Industry officials are at odds over whether the recent letter from four lawmakers telling Labor Secretary Thomas Perez to “repropose” the Department of Labor’s fiduciary redraft is yet another stalling tactic or an attempt to get the rule right.
Four lawmakers told Perez in a Friday letter to repropose DOL’s fiduciary redraft after the comment period expires on the 2015 version Labor released in April.
“As the Department is well aware, this proposal consists of extensive changes to an already complex and highly regulated framework regarding the investment advice market for retirement savings,” wrote Rep. Ann Wagner, R-Mo., along with Reps. Andy Bar, R-Ky.; David Scott, D-Georgia; and Lacy Clay, D-Mo. “Such a rule will significantly change how millions of Americans seek help to make their investment decisions and the relationships that they have with their financial advisor.”
The lawmakers ask for a “new formal rulemaking process,” and state that “given the concerns from stakeholders and a bipartisan group in Congress on this issue, there is a strong possibility that a final rule may widely differ in its substance from the initial proposal or contain provisions that were not part of the proposed regulation.”
As a result, they continued, “we feel it is in the interest of our constituents that the DOL repropose this fiduciary regulation to ensure adequate stakeholder involvement in the notice and comment period during a new formal rulemaking process.”
The official comment period on the redraft expired on July 21, with a set of hearings on the redraft to be held the week of Aug. 10. The transcript of those hearings will then be released for a 14-day comment period.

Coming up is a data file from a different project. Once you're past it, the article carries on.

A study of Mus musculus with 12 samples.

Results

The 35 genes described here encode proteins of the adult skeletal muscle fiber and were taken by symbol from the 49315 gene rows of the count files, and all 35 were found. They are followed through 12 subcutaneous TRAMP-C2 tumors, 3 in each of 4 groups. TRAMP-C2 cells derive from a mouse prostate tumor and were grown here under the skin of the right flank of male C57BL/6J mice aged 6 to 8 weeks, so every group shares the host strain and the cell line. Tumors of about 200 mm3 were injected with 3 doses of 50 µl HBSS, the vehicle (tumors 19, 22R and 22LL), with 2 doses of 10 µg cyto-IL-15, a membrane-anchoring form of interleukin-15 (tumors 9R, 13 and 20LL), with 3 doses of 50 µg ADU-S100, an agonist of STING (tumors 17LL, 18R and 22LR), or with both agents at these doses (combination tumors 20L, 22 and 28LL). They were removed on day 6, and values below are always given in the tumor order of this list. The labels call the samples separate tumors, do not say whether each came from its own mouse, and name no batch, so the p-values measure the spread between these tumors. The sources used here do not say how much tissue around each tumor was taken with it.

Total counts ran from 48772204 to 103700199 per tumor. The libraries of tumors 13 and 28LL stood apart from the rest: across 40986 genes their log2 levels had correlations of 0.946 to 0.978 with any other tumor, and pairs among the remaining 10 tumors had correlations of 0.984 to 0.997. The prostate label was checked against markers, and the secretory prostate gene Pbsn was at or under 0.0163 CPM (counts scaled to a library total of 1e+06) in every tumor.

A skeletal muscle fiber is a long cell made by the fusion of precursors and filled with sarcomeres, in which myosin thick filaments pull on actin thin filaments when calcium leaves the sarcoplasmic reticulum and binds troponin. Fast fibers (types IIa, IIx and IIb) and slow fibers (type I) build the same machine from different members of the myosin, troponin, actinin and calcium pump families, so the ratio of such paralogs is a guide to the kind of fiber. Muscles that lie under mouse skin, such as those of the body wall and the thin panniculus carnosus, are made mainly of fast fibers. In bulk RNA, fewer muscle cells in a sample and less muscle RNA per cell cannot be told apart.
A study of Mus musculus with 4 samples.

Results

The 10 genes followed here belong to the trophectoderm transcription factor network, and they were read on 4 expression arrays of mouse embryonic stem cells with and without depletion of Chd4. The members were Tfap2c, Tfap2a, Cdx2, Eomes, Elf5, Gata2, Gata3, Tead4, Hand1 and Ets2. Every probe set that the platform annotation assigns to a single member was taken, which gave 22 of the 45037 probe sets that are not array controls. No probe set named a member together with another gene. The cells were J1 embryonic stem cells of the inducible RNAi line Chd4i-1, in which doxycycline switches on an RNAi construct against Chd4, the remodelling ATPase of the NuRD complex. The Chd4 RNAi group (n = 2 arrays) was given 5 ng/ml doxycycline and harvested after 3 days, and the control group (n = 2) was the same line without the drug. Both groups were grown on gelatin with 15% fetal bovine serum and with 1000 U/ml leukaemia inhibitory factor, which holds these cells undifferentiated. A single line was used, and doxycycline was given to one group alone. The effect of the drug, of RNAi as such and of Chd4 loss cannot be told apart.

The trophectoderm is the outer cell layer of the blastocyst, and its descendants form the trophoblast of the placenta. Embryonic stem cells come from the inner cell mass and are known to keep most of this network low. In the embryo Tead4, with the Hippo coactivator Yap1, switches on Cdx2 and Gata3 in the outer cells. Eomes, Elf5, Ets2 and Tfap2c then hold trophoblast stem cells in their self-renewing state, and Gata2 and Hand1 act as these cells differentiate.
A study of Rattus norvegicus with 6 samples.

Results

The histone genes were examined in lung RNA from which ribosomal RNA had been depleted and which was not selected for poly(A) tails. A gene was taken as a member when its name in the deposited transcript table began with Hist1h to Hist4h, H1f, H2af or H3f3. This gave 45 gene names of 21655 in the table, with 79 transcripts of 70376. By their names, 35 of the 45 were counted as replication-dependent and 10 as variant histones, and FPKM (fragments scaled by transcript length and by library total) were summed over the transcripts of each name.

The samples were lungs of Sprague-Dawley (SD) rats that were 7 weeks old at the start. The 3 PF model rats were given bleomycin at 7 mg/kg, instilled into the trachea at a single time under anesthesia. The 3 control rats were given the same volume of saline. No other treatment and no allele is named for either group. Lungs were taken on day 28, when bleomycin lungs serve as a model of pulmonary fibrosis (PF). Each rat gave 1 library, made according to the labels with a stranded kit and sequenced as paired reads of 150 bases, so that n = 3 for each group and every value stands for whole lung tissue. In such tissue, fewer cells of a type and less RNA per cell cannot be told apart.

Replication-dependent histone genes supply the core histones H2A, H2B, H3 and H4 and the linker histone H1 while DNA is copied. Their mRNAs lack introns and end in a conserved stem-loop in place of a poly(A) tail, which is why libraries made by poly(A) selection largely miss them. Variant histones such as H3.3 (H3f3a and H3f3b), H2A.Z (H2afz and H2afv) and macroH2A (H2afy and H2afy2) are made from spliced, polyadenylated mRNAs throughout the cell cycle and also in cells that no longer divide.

Kent Mason, a partner with Davis & Harman, a Washington-based law firm that represents big financial companies, told ThinkAdvisor in a Tuesday email message that the letter from lawmakers is “a very constructive effort to try to get the rule right.”
The 2015 proposal “is significantly less workable than the 2010 proposal, and would go even farther in jeopardizing access to investment and distribution assistance for low- and middle-income individuals and small businesses,” Mason said. “In that context, a letter urging the DOL to repropose makes great sense as an important step toward ensuring that the final regulation helps individuals, rather than adversely affecting them.”
But Barbara Roper, director of investor protection for the Consumer Federation of America, argued in her email to ThinkAdvisor that “there is absolutely no reason for the DOL to restart this process.”
DOL, Roper says, has “provided, and continues to provide, ample opportunity for input from all stakeholders. We are confident that they will use that input to craft a final rule that addresses legitimate concerns and ignores the self-interested hype from those intent on maintaining the status quo.”
Mason predicts at the close of the post-hearing comment period (likely in mid-September), DOL “will be working on finalizing the regulation,” with DOL aiming to publish the final regulation around March 2016.